Wednesday, December 12, 2018

New editor at rural N.H. paper, at 30 the youngest ever, aims to help it increase its digital presence

Maggie Cassidy
The new editor at the Valley News in West Lebanon, N.H, is breaking barriers: Maggie Cassidy, 30, will be the paper's youngest-ever editor and its first woman when she takes over the 25-person newsroom next week, though neither of those things landed her the job, Kristen Hare reports for the Poynter Institute.

"She has really been the driving force behind our movement to more of a digital presence, and she has really earned the respect from all of her colleagues in the newsroom," said publisher Dan McClory in an article announcing the hire.

As the daughter of a journalist and a careful but dedicated advocate for digital news, Cassidy is well-placed to help a newspaper embrace new technology. "What I think strikes a lot of people about Maggie is the bridge that she provides between the old and the new," said Martin Frank, the 30-year veteran editor she's replacing. Frank has been the editor of the Valley News for the past five years.

West Lebanon, N.H., is across the Connecticut
River from White River Junction, Vt. (Google)
"The old, he said, are the principles of good journalism. The new is how to apply those principles to new forms of journalism," Hare reports. It will be a challenge: many residents in the area don't have much internet access and some still use dial-up. But Cassidy, who became the paper's first web editor in 2012, has been working to increase the paper's digital presence while still respecting old-school tenets of journalism such as factual accuracy even with breaking news; that can suffer sometimes in the report-it-now world of digital news.

The stereotype of small newspapers being slow to change is a little bit true, Cassidy said, but told Hare that her experience has been that "journalists want to do good work, they want to reach readers in the best way . . . but they don't want to do something for the sake of doing it."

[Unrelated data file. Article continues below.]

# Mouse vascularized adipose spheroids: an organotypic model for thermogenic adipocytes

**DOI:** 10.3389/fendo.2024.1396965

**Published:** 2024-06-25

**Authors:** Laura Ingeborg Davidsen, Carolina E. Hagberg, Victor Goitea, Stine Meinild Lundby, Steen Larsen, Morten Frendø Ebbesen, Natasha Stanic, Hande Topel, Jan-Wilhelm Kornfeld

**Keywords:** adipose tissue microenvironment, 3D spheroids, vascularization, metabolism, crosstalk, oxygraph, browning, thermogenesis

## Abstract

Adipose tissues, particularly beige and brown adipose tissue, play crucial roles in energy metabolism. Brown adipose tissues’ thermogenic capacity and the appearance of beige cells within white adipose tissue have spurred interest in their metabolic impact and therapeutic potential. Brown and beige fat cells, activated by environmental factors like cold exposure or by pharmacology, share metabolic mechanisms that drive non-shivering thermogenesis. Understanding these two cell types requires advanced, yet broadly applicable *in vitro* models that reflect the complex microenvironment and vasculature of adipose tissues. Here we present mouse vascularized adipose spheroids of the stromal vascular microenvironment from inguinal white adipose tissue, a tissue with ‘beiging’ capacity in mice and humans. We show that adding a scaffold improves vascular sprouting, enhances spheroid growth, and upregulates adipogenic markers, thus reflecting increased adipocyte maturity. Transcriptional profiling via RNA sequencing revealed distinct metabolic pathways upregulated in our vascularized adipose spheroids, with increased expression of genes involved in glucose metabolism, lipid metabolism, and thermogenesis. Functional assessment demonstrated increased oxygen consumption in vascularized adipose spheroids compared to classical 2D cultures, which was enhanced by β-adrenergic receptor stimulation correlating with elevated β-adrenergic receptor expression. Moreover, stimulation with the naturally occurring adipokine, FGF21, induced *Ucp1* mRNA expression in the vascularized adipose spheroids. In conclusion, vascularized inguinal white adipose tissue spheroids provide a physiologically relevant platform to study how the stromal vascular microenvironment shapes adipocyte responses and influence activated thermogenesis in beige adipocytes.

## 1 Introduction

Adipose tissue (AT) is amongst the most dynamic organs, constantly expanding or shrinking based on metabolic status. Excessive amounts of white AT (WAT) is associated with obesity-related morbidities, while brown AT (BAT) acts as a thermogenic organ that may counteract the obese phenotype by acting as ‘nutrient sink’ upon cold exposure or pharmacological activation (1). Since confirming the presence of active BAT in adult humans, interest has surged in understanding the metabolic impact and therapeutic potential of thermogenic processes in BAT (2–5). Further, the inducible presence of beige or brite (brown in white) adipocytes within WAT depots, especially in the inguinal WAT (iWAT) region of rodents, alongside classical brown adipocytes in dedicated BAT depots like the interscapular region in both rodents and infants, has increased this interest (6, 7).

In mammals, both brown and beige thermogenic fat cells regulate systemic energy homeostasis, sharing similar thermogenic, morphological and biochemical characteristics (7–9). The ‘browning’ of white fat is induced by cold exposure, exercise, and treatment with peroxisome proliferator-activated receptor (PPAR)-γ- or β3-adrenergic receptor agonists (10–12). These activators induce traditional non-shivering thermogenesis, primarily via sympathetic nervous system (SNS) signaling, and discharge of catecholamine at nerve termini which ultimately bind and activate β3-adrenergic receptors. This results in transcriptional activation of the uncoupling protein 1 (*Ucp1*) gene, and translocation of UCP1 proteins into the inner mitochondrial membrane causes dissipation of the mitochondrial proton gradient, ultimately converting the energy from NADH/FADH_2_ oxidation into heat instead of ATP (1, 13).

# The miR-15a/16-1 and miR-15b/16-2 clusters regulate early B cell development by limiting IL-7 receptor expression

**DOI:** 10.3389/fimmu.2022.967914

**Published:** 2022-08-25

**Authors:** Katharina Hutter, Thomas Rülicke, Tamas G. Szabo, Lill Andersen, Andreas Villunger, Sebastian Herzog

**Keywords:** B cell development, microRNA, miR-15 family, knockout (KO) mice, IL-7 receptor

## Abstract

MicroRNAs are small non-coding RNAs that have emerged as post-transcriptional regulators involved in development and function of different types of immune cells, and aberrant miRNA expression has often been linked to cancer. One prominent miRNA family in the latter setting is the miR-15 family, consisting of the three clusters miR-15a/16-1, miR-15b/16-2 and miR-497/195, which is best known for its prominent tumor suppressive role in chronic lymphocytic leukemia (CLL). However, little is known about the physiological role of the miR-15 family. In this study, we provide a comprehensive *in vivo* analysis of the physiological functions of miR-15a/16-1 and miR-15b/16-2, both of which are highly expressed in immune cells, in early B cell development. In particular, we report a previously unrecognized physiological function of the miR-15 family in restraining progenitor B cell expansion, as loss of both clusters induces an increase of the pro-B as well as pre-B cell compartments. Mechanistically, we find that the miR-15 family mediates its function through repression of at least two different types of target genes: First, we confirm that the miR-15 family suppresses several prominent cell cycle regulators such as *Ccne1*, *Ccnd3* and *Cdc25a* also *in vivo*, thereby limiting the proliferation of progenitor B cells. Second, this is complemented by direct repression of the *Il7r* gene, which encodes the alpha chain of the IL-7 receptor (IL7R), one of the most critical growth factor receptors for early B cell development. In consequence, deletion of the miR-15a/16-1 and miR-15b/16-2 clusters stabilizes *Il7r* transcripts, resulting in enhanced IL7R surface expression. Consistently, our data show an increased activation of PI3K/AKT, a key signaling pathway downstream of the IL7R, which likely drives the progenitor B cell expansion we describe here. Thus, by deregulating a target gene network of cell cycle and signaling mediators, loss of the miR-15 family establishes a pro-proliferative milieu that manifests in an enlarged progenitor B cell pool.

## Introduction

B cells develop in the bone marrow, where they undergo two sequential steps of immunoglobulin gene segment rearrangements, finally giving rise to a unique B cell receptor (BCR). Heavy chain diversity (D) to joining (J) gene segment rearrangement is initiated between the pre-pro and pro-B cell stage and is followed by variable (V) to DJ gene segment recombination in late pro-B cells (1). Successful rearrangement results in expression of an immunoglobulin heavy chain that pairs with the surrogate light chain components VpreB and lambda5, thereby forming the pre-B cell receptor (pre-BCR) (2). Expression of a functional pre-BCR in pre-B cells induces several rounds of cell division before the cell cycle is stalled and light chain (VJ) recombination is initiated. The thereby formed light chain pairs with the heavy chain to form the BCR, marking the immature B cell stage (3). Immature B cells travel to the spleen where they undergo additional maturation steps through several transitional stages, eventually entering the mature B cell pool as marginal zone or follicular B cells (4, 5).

The Valley News, named for the Connecticut River valley, serves 24 towns in Vermont and 22 in New Hampshire. It is owned by Newspapers of New England, a family company that owns 10 papers, including the Concord Monitor in New Hampshire's capital and the Daily Hampshire Gazette of Northampton, Mass.

1 comment:

Jerusha said...

This is good news, and I congratulate Ms Cassidy, I publish the in California. We are the second smallest by population county in the state and have one legal weekly newspaper, The Mountain Messenger, California's Oldest Weekly newspaper. The Messenger has no digital presence other than my loosely based connection. The Prospect does not charge for ads but only places them online if they have a paid ad in the Messenger. I believe digital papers must do as much as possible to ensure the ability of print papers to survive... and please for heavens sake don't direct your news to readers preference...allow for the "accidental news" to allow readers to learn something they never knew they didn't know... hmmm getting carried away here... anyhow welcome to your new Editor.